Thank you for another year!

The Nipomo Community Services District (NCSD) board members and staff want to recognize and congratulate the community for successfully meeting the challenges brought on by the extended drought conditions we are all living through.

Water issues remained a top concern on the Nipomo Mesa in 2017. Much of the state has seen measurable relief brought on by last winter’s rain, but the Central Coast continues to grapple with low groundwater levels. Groundwater is the Nipomo Mesa’s principle source of water supply.

Disappointing groundwater levels measured in the spring of 2017 kept the NCSD from fully providing for the community’s water needs. As a result, a Stage IV water shortage condition was kept in place and NCSD has continued to encourage water conservation. Also, NCSD issued its last new water service in May 2015 - more than two and a half years ago. To those who are waiting for a new water service connection from NCSD, we share your concerns and, like you, NCSD looks for groundwater levels to improve in the upcoming year to remedy the situation. The inability of NCSD to provide additional water creates an imbalance in our neighborhoods and stifles the business community. It is clear that more water needs to be available during dry periods. NCSD is working to build infrastructure to meet this need in cooperation with many partners.

2017 saw the completion of the Joshua Road Pump Station Reservoir, a major piece of infrastructure for the Nipomo Supplemental Water Project (NSWP). The NSWP is a network of pumps and pipes connecting the City of Santa Maria with the three major water providers on the Nipomo Mesa - NCSD, Golden State Water Company and Woodlands Mutual Water Company.

The total budget for the NSWP is $32 million dollars and is $6 million dollars away from being complete. The remaining work was intended to be built years from now as funding is collected over time and set aside. If the winter rains fail us, the Nipomo community will be more reliant on imported water. Efforts are ongoing in the search for possible opportunities to accelerate completion of the NSWP.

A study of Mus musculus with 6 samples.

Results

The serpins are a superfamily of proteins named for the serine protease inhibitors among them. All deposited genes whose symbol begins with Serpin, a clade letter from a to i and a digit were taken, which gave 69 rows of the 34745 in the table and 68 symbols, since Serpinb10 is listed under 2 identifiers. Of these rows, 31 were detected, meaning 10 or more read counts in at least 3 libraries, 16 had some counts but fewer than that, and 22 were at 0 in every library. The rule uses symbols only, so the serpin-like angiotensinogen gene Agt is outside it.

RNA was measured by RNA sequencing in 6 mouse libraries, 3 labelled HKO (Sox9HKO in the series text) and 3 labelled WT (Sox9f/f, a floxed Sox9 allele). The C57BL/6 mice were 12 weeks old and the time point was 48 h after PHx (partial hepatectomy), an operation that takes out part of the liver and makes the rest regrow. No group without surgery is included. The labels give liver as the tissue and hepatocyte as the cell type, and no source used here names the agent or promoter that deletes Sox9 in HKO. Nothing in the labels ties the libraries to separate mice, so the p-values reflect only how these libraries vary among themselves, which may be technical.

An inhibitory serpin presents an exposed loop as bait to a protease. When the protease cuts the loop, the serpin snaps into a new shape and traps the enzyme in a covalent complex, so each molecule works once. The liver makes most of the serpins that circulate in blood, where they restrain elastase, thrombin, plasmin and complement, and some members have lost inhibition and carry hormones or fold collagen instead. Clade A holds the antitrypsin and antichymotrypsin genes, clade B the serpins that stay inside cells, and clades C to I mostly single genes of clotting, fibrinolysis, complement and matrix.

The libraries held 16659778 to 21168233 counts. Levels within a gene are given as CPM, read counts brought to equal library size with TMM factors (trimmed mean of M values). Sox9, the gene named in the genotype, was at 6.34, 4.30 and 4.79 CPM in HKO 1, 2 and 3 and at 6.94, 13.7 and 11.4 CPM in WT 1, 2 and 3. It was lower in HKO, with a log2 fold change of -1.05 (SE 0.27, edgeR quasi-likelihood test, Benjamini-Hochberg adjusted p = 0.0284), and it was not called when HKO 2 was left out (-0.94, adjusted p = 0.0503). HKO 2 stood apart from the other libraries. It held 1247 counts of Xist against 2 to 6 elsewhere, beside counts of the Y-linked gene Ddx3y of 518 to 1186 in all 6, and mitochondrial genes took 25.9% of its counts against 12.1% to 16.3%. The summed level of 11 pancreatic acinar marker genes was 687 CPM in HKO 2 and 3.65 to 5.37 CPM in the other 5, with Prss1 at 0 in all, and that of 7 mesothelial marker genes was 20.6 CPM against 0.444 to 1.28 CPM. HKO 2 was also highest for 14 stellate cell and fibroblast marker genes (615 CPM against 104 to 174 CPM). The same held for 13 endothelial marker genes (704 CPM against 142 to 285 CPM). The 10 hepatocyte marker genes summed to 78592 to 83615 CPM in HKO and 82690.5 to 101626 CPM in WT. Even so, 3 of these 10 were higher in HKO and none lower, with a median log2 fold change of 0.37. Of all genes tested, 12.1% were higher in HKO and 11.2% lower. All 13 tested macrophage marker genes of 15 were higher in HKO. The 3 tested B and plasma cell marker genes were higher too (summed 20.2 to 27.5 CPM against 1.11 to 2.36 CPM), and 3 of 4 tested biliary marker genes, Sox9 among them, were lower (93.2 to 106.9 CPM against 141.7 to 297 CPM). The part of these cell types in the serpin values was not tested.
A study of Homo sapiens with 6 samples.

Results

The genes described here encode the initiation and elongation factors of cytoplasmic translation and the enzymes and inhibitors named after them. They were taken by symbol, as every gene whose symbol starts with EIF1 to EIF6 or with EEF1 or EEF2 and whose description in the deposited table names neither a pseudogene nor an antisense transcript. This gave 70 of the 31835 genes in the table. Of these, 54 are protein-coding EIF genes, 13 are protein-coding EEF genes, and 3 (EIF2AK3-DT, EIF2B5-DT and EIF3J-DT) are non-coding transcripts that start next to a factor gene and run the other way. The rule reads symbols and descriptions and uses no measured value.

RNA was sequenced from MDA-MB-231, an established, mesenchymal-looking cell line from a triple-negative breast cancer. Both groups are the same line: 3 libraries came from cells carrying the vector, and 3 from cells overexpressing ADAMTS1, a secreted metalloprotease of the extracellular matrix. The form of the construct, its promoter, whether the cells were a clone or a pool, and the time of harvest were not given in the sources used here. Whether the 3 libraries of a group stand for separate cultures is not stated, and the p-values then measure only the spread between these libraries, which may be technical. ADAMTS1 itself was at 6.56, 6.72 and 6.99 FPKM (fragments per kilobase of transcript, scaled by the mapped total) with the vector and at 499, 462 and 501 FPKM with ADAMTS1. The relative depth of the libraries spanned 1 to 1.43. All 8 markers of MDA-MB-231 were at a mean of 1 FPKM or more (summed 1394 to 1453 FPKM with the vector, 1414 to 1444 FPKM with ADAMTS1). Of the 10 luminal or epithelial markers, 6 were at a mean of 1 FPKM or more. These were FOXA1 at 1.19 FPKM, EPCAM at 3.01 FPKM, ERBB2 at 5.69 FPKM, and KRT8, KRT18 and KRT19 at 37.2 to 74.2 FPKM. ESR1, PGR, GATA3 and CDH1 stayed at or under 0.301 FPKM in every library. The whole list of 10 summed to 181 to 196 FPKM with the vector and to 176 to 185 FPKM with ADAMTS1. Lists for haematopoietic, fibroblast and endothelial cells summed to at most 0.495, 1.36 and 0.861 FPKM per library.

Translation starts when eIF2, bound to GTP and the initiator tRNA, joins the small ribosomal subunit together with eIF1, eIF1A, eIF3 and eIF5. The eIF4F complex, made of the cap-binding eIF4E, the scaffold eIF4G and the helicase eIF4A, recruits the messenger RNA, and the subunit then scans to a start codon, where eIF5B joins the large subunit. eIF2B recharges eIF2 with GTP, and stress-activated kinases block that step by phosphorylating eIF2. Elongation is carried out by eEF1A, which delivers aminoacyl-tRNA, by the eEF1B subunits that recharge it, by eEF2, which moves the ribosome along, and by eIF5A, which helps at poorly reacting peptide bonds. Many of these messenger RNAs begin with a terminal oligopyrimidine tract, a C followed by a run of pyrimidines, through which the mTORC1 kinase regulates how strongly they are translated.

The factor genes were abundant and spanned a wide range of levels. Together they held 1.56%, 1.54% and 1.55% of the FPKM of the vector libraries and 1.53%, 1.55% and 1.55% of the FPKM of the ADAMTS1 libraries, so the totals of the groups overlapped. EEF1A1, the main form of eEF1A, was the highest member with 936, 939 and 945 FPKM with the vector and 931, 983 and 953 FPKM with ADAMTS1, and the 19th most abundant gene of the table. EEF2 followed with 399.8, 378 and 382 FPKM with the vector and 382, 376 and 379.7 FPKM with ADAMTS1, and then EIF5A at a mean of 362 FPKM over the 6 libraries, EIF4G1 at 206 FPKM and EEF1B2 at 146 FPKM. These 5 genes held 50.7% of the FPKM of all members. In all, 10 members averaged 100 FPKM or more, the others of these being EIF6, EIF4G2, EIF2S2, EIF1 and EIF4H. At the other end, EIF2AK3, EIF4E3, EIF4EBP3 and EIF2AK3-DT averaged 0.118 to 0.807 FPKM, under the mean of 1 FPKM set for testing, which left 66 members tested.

Looking ahead, 2018 may be the year that NCSD harnesses the power of the sun to power the community’s water and wastewater enterprises. It takes hundreds of thousands of dollars of purchased energy to power water and sewer operations and the District is always looking for ways to cut costs.

NCSD is deep into an energy study to see if the time is right for moving into alternatives like solar power. We’ll know early in the year if the prospect of reducing our carbon footprint will correlate with reduced energy costs. If all goes well, NCSD could have solar facilities installed at the Southland Wastewater Treatment Plant by next Christmas. What a present to the community that would be.

From all of us at the Nipomo Community Services District to all who have helped make 2017 a memorable and successful year on the Nipomo Mesa, thank you for your support. As we look forward to 2018, we hold onto the hope for a bright future filled with opportunities and fulfilled promises.

NCSD’s team of professionals will continue to improve service offerings to enrich the lives of our valued customers. By investing in the infrastructure needed for uninterrupted water and sewer services and by improving communication lines with service-minded people in surrounding agencies who share common challenges, NCSD is positioned to meet customer’s needs now and well into the future.

Until next time…

Mario Iglesias is the general manager of the Nipomo Community Services District. He can be reached by calling 929-1133 or by email at info@ncsd.ca.gov. For more information, visit http://nipomocsd.com. Follow NCSD on Facebook or on Twitter @NipomoCSD.